Seneca Nation, which hitherto operates three gaming facilities in the state of New York, has this week said that it is no longer going to pay the agreed revenue to the hosting state.
The three casinos that are operated by Seneca Nation are Niagara Falls Casino, Buffalo Creek Casino and gaming center and Seneca Allegany Casino that is located near Salamanca.
The Seneca Nation has been paying an approximated $110 million as revenue to the State of NY for the three gaming facilities since 2002.
However, according to the tribe’s casino officials, they are not going to pay any other money as revenue because their deal with NY has expired. Read about how New York Senate Includes Online Poker Revenue Into Draft Budget.
They argue that it is time that they are left to operate their gaming facilities without paying levies because they have been doing so for a long time.
“We have loyally paid the state an amount that is estimated to be $110 million each year for our three gaming facilities. According to the agreement that was signed between us and the state, we agreed that we’d pay revenue for only 14 years after 2002. That time has passed and if we continue to pay, we’ll be doing contrary to what has been binding us,” said the tribal operator.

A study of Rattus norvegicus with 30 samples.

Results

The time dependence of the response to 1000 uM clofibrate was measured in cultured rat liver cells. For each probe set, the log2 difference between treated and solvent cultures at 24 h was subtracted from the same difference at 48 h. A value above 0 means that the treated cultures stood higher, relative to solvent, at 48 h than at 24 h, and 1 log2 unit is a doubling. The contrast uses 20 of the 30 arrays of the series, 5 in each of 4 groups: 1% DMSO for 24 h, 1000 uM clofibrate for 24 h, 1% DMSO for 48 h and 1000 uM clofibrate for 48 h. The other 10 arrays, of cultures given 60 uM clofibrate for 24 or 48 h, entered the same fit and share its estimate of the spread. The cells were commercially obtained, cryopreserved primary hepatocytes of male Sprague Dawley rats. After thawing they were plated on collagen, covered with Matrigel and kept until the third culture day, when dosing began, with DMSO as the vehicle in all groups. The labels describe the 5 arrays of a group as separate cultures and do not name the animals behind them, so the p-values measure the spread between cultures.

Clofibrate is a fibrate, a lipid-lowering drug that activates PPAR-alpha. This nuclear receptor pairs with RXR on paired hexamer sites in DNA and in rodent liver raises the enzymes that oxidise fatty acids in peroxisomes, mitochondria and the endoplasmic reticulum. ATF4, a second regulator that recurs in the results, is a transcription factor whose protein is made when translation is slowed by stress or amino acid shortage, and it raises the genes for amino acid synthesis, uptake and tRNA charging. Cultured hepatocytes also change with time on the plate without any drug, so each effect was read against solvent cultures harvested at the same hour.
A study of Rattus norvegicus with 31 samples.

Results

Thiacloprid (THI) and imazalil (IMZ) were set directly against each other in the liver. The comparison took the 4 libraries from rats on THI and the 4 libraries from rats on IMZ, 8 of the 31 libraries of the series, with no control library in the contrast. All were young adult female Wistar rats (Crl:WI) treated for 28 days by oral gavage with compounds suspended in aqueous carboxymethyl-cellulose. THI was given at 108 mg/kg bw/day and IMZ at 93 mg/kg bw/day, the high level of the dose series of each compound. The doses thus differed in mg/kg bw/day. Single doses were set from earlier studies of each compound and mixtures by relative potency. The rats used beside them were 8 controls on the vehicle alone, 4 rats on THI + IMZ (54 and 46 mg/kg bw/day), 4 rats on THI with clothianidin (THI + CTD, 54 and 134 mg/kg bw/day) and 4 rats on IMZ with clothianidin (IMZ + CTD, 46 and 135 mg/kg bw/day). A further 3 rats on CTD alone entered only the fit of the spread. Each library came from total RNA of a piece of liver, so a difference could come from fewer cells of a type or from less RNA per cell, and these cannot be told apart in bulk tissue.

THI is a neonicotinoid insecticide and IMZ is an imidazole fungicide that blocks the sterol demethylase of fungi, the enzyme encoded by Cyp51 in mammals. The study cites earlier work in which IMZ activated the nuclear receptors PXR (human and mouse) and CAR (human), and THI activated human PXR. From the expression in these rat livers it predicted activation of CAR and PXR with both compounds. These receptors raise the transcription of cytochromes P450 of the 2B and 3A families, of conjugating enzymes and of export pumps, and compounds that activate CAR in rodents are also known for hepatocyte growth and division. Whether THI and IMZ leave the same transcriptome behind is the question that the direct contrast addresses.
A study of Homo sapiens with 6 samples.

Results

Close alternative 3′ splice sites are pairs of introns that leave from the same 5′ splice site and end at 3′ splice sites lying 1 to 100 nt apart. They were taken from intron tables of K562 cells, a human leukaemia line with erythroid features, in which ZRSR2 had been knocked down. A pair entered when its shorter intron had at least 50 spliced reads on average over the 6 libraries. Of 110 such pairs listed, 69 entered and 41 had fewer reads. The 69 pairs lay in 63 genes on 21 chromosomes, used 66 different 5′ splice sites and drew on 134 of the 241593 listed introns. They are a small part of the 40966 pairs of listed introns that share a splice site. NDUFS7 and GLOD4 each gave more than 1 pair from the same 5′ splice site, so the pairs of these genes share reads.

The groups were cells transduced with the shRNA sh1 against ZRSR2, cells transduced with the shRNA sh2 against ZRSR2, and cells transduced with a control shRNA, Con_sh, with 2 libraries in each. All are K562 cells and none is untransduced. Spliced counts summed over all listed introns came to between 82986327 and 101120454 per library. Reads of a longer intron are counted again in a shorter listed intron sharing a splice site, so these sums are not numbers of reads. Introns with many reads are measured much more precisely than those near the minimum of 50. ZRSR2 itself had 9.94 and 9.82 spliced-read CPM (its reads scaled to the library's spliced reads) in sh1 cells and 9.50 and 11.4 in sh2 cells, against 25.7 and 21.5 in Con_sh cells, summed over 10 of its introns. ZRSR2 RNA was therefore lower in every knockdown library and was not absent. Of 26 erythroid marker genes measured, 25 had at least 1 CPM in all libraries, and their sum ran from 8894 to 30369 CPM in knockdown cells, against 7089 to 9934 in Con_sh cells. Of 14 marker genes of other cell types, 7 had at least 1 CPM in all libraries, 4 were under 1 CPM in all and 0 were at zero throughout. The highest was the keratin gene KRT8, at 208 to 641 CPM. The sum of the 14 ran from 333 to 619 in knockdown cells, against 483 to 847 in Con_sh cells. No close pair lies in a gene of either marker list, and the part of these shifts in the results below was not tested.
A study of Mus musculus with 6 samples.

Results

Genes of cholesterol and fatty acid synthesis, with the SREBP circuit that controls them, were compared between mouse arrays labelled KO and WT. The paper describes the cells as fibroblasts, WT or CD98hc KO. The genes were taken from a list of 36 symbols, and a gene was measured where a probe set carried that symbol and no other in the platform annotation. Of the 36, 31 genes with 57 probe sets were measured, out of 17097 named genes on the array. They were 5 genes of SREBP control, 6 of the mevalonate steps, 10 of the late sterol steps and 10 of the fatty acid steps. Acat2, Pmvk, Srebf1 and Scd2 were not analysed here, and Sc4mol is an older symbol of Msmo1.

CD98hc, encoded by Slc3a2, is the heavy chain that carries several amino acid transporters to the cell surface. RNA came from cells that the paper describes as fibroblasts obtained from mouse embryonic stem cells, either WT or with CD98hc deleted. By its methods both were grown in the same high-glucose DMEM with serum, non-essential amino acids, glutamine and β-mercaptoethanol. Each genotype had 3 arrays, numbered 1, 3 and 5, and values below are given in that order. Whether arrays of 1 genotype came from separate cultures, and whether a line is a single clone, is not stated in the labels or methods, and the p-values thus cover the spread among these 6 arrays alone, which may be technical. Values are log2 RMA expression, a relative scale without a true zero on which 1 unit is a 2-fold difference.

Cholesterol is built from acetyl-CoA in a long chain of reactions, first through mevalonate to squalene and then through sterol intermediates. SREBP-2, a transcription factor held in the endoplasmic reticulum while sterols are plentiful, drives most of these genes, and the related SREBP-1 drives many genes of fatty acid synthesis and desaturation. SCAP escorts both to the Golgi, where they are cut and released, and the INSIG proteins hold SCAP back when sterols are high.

The state of New York on it part wants to make real money online casino gambling sites a number one revenue booster to the state.
There is something that the deal said, which many see that might compel the tribal group to obey the deal.
In part, the deal said that after the initial 14 years, there would be an extension that would last for 7 years. The extension would only be if neither party raised concerns. The FBI Apprehended 11 People Alleged To Be Part of the 21 Practicing Money Laundery Business.
On what seems to be a late reaction, after the expiry, no party showed any sign of complaint thus the extension was automated. This scenario is likely to prompt the tribal operator to honor the payments for another 7 years, which will expire in mid 2023.
According to the tribal operator, the extended period of seven years does not in any way mention the sharing of revenue between the state of New York and the operator.
In their response to the contest, the state of New York through its spokesperson, said that the compact is still viable and should be observed.
“Under the terms agreed between the state of New York and the tribe and the 2013 MoU between us and the tribe, it is very clear that the revenue payment structure will continue to be observed by the tribe for an extra 7 years,” said Rich Azzopardi.